The polymerisation is defined as the chemical process in which the monomers are joined together to form polymers. Normally, it takes several thousands of monomers to make a single polymer. Polymerisation is the chemical process of monomers joining together to form polymers, often it takes many thousands of monomers to make a single polymer.

Types of polymerization & polymerization reactions

2 types of polymerization reactions are listed below: 

A. Addition Polymerization

where monomers add on to each other with the addition of a catalyst, these are usually alkenes such as ethene and propene. Alkenes can act as monomers because they have a double bond.

B. Condensation Polymerisation

This is when monomers join or polymerise with a byproduct such as water, carbon dioxide or ammonia. This usually requires two different types of monomers that join alternately.

  • Linear chain– The chains when heated can flow easily this is a good example of the chain of a thermoplastic. Properties often associated with this type of chain are a weak material, ductile with a low density and melting point.
  • Branched chain– Branched chains will not flow as easily when heated they will have a higher melting point than linear chains and typically have the properties of a slightly less ductile material (stronger and stiffer).
  • Crossed linked– The Cross linked bonding retains its shape when heated and is a good example of the bonding found in thermo set plastics. These also have a higher melting point than linear and branched bonds, they are usually a harder material but also more brittle.

The two main types of polymers are thermo sets and thermo plastics. Thermo plastics can be re-shaped after heating where as thermo sets cannot. Thermo plastics have the benefit of being recyclable and generally cheaper and easier to process than thermo set plastics.Applications where polymers may be used.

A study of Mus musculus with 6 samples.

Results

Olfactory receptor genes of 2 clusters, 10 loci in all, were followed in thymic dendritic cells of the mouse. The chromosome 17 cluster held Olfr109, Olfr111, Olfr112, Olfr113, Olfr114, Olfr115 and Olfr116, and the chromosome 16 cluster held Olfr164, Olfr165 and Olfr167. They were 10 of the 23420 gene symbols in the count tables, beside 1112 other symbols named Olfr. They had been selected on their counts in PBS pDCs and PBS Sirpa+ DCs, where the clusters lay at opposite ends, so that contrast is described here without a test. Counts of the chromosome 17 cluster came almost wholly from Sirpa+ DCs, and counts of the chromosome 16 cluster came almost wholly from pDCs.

1. Acrylic: Acrylic is a polymer called poly(methyl methacrylate) and is often used as an alternative to glass, examples of these include small fish tanks/aquariums visors in goggles and crash helmets covers for skylights and as it has good weatherproofing qualities it is commonly used for outdoor signage.

2. High Density Polythene (HDPE): Babies baths, kitchen equipment, children’s toys, fabric filaments. Polythene is cheap and acid resisting. A strong polymer which softens at aroiund 120 degrees celcius.

3. Low Density Polythene (LDPE): Used in plastic bags, film and packaging. LDPE is a more flexible polymer than HDPE. This softens at around 85 degrees celcius.

4. PVC (Poly Vinyl Chloride): Industrial and domestic piping, artificial leather (e.g. shoes), protective clothing. PVC is reasonably hard and hard wearing it is also fairly cheap.

5. The Ziegler: Natta polymerization of ethyleneEthylene gas is pumped under pressure into a reaction vessel, where it polymerizes under the influence of a Ziegler-Natta catalyst in the presence of a solvent. A slurry of polyethylene, unreacted ethylene monomer, catalyst, and solvent exit the reactor. Unreacted ethylene is separated and returned to the reactor, while the catalyst is neutralized by an alcohol wash and filtered out. Excess solvent is recovered from a hot water bath and recycled, and a dryer dehydrates the wet polyethylene to its final powder form.